What Makes These Muffins So Good?
Y’all! I have been making these Walnut Pear Muffins for over a decade now and they remain one of my family’s all-time favorite muffins. They seriously are consumed in minutes; they are just that tasty!
There is so much to love about them. I was originally inspired to try these muffins from a recipe I found in Cooking Light magazine and they were a hit right away. I tweaked the recipe slightly to make them my own.
They are filled with all kind of wholesome ingredients starting with fresh, ripe pears which are in peak season during the fall and winter.
What I also like about them is that they use only two tablespoons of oil and use the power of plain Greek yogurt to help with moisture and help these muffins rise to make them moist and delicious yet better for you too.
With pears, yogurt, walnuts and whole wheat flour, that’s I like to call them power muffins because those wholesome, nutritious ingredients are just a bonus to these super flavorful muffins.
These Pear Walnut Power Muffins are great with a cup of coffee in the morning or just about any time of day.
What Ingredients Are Needed To Make This Recipe?
All of the ingredients needed to make these easy pear muffins are easy to find at the grocery store.
I also keep a bag of whole, shelled walnuts in my freezer year-round so that I can use them in other recipes. I buy the large bags from Costco or Sam’s Club because they are such a better value that way! To freeze, just store in a freezer safe, airtight bag or container, label and freeze up to a year.
For this recipe, I make sure they are finely chopped so that they are more evenly distributed throughout the batter. I like to use my handheld food chopper (affiliate link) or food processor (affiliate link). (1)
I also buy the big container of plain Greek yogurt at Costco because we like the flavor and it’s less expensive than some other name brands. and I also use it in several other recipes that call for plain yogurt like these Healthy Chocolate Banana Bread, Lemon Bread Recipe and Green Monster Banana Spinach Avocado Smoothie recipes.
Whole wheat flour is also called for here and while I prefer the more traditional whole grain flour, you can substitute white whole wheat flour instead.
What are the best pears to use?
The variety of pears you choose doesn’t matter too much in this recipe although I prefer a Green Anjou or Bartlett pear. They are two of the most common to find in the grocery store although I do also see Bosc pears during peak pear season, too. They are a browner and to me, a big grainier pear.
The main thing is to choose a pear that is ripe and juicy but hasn’t gotten too mushy so that they hold their shape when diced.
How To Make This Recipe
To make this pear muffin recipe, combine the ingredients as directed in the recipe card below. So that the diced pears keep their shape though, fold them in to the batter using a rubber spatula (affiliate link) (2).
I fill the large scoop nearly full and that fills my muffin cup about three-quarters full which lets them have a nice crown on top.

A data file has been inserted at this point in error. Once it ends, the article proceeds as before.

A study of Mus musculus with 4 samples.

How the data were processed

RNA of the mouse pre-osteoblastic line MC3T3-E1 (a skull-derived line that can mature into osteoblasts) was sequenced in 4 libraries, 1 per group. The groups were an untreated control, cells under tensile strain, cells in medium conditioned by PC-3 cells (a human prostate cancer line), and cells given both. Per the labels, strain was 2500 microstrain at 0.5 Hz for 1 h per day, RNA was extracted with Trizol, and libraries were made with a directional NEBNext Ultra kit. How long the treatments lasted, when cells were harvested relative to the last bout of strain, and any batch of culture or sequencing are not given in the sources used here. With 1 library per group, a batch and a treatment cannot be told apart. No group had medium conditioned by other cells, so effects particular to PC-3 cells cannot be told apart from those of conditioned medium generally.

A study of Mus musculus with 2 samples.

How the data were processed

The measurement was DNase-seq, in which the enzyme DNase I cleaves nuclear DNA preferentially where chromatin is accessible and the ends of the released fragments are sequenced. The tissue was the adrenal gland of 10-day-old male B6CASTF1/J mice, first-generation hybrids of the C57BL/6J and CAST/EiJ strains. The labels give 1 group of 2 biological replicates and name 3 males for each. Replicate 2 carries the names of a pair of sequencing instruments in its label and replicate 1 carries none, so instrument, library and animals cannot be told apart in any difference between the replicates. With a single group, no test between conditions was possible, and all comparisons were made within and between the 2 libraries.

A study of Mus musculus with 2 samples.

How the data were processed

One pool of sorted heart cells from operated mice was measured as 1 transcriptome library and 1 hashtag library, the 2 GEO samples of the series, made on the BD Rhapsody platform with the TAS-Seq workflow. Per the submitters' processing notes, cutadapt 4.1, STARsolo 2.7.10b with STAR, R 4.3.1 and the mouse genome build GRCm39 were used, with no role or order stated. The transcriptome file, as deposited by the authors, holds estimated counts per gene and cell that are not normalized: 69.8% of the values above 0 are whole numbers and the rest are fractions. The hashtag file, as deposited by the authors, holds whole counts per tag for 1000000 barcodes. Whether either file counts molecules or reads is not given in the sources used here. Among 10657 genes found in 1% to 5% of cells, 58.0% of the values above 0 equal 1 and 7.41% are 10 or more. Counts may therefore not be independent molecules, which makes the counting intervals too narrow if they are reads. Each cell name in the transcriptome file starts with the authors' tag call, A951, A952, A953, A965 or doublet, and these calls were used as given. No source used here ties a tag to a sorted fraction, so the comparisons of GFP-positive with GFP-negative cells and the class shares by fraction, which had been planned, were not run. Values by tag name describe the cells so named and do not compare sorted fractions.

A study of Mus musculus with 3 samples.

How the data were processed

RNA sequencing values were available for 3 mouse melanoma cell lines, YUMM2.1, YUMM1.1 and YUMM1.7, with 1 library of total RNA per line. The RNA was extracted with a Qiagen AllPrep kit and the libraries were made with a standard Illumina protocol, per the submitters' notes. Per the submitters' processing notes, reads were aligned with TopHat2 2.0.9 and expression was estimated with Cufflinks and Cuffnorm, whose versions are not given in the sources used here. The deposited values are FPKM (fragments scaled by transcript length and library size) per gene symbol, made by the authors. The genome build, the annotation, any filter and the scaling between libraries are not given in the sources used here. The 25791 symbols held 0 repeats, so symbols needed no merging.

Make Ahead Preparation Tips
One of my favorite things to do to prep a baked good recipe like this is to make a dry goods “kit”. It’s kind of like the pre-made cake or muffin mixes you buy at the grocery store but instead, you are making them yourself! Just store in an airtight container (affiliate link), plastic bag or reusable silicone bag (affiliate link) and don’t forget to date and label (affiliate link) the container you choose.
You can also chop up the walnuts ahead of time and store in an airtight container also until you’re ready to prepare these muffins.
I don’t recommend dicing the pears until you are making this recipe as they can turn brown and become a little mushy, even when they are stored in the refrigerator.
How To Freeze Muffins
These pear muffins freeze really well! Just make sure they are cooled to room temperature on a cooling rack for optimum quality.
I will often make a double batch to keep some in the freezer. They heat up beautifully in the microwave from frozen—perfect for when on the go! Just wrap a frozen muffin in a paper towel and reheat in the microwave at 70% power for about 45 seconds to one minute.
You can also pull out frozen muffins and let them come to room temperature out on your kitchen counter. To preserver their moisture, let them thaw in the airtight container you have frozen them in.
More Muffin and Biscuit Recipes
If you like this Walnut Pear Muffin recipe, be sure to check out some of my other muffin and biscuit recipes:
Blueberry Oatmeal Muffins
Easy Whole Wheat Banana Muffins
Meyer Lemon Blueberry Muffins
Whole Wheat Buttermilk Biscuits
Walnut Pear Muffins
- ½ cup walnuts finely chopped
- 1 cup all-purpose flour
- ⅓ cup whole wheat flour
- 1 ½ teaspoons baking powder
- ½ teaspoon baking soda
- ½ teaspoon salt
- ⅔ cup packed brown sugar
- 2 tablespoons canola oil
- 1 cup plain Greek yogurt
- 1 large egg
- 1 ½ cups pear peeled and finely diced
- 3 tablespoons turbinado sugar optional
- cooking spray
- Preheat oven to 400°. Spray 12-cup muffin with cooking spray. You will also need an extra muffin tin with just three cups sprayed.
- Place walnuts in a food processor; process until finely ground. Set aside.
- In a large bowl, combine flours, baking powder, baking soda and salt. Stir well with a whisk. Stir in ground walnuts. Make a well in center of mixture.
- Combine brown sugar and the next 4 ingredients (through egg) in a small bowl; add to the flour mixture, stirring just until moist. Fold in diced pear.
- Using a baking scoop or large spoon, fill muffin cups ⅔ full with batter.
- Sprinkle batter with turbinado sugar.
- Bake at 400° for 20 minutes or until muffins spring back when touched lightly in center.
- Remove from pans immediately. Place on a wire rack. Serve either warm or at room temperature.
This post was originally published in March 2012 but updated in September 2020.